Let’s play the Peggy West guessing game!

On April 25, 2012 Milwaukee County Supervisor Peggy Romo West terminated the employment of her Legislative Aide (LA). While Romo West’s termination of her now-former LA isn’t necessarily newsworthy, what’s curious about the termination is how Supervisor Romo West chose to terminate her Legislative Aide’s employment.

So how exactly did Supervisor Romo West fire her Legislative Aide?

Here are some guesses:

  • In person
  • On the telephone
  • Via letter
  • Via email
  • Telegraph
  • Carrier pigeon
  • Pony Express
  • A letter in a bottle
  • Smoke signals
  • None of the above

If you guessed “None of the above,” you’d be correct. County Supervisor Romo West actually fired her Legislative Aide via text message from her cell phone. Here’s Supervisor Romo West’s message:

I need you to get your things and leave. I have tried to very hard to work with you, I appreciate your service up to this point but at the very least, common sense must prevail, you cannot stay and jeprodize me or my office with juvenile antics.

Ironically enough, Supervisor Romo West went on to send a text message about the ineffective communication between her and her legislative aide:

I apologize but again apparently our relationship is such that we cannot communicate to the detriment of my position.

Perhaps I’m a little more old-school than Supervisor Romo West, but the last time I checked, text messaging wasn’t the most effective means of communicating, because it tends to be a little difficult to carry on a conversation 140 characters at a time.

In response to inquiries about the method she used to terminate her former LA, Supervisor Romo West wrote, “Out of respect for employees and former employees, we do not discuss personnel matters publicly.” Quite curiously, Supervisor Romo West also deflected my very specific questions about how frequently she (Supervisor Romo West) utilized text messaging to conduct official County business to County Supervisor Pat Jursik, as if Supervisor Jursik would have any meaningful insight as to how frequently Peggy Romo West uses text messaging to do the job she was elected to do.

In response to Supervisor Romo West’s unwillingness/inability to answer my questions, I’ve submitted a formal open records request to her office regarding her use of text messaging to conduct official County business. From what I’ve been told, Supervisor Romo West’s use of text messaging to conduct County business is extensive, leaving me to wonder if her use of text messaging is simply a matter of convenience or an attempt to skirt our state’s open records laws and the transparency they provide for citizens curious about the activities of their elected officials.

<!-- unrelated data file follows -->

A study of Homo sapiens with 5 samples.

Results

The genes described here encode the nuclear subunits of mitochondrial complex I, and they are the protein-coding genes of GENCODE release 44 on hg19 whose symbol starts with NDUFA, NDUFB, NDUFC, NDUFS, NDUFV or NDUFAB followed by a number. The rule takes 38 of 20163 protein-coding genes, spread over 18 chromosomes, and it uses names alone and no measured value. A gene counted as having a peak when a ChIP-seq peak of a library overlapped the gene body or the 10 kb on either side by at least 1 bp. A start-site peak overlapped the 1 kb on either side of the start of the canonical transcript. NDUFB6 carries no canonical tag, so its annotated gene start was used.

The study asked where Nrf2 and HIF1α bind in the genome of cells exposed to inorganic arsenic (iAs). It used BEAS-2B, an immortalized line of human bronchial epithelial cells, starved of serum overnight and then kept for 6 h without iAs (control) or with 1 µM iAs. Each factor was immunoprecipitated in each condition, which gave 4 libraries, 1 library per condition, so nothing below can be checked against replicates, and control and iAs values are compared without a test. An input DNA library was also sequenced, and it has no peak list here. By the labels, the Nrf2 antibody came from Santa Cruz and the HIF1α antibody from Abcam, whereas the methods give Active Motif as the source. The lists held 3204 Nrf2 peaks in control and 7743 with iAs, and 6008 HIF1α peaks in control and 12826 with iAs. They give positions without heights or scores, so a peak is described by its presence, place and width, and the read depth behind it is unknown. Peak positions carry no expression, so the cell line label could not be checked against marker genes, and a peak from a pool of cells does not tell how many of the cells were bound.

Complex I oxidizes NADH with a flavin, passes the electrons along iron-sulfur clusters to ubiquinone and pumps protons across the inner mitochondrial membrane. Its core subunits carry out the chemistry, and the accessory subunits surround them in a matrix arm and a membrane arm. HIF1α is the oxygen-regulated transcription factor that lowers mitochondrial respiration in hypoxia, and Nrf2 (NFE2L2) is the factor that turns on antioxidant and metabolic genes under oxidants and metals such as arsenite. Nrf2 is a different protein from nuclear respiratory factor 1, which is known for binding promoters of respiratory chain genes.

1. What a cowardly way to conduct a distasteful task. If you are elected to a position of power such as she holds, surely you should have the strength of character to do the messy business yourself rather than hiding behind a screen. Your findings on the text messaging will be interesting I’m sure. Such an unprofessional way to carry out a role requiring a professional person.

    1. Jayne, apparently Supervisor West doesn’t have the text messages I requested, but that’s okay, because I have copies of a good number of the text messages she sent for a few months. My request was more of a test than anything, and Sup. West failed the test.

  2. Isn’t there some sort of requirement that elected officials maintain correspondences regarding their official duties? How is not maintaining text messages any different than shredding documents or deleting e-mails?

    Can’t the phone company retrieve these text messages, especially with a open records request?

    1. Doc, there are requirements regarding document/record retention, but the whole reason behind Sup. West using her personal cell phone and text messaging to conduct business is to avoid having to turn those records over.

  3. I see. But if Peggy’s L.A. was using a cell phone, while on the clock, shouldn’t those records be preserved, as they were clearly conducting county business? There’s no way she could argue that those records weren’t public records–since the L.A. was paid while making the messages. I assume the county would be paying for their phone usage, correct?

    I guess I just don’t understand how those records would be any different than an e-mail or typed memoranda. Is there any policy regarding such messages?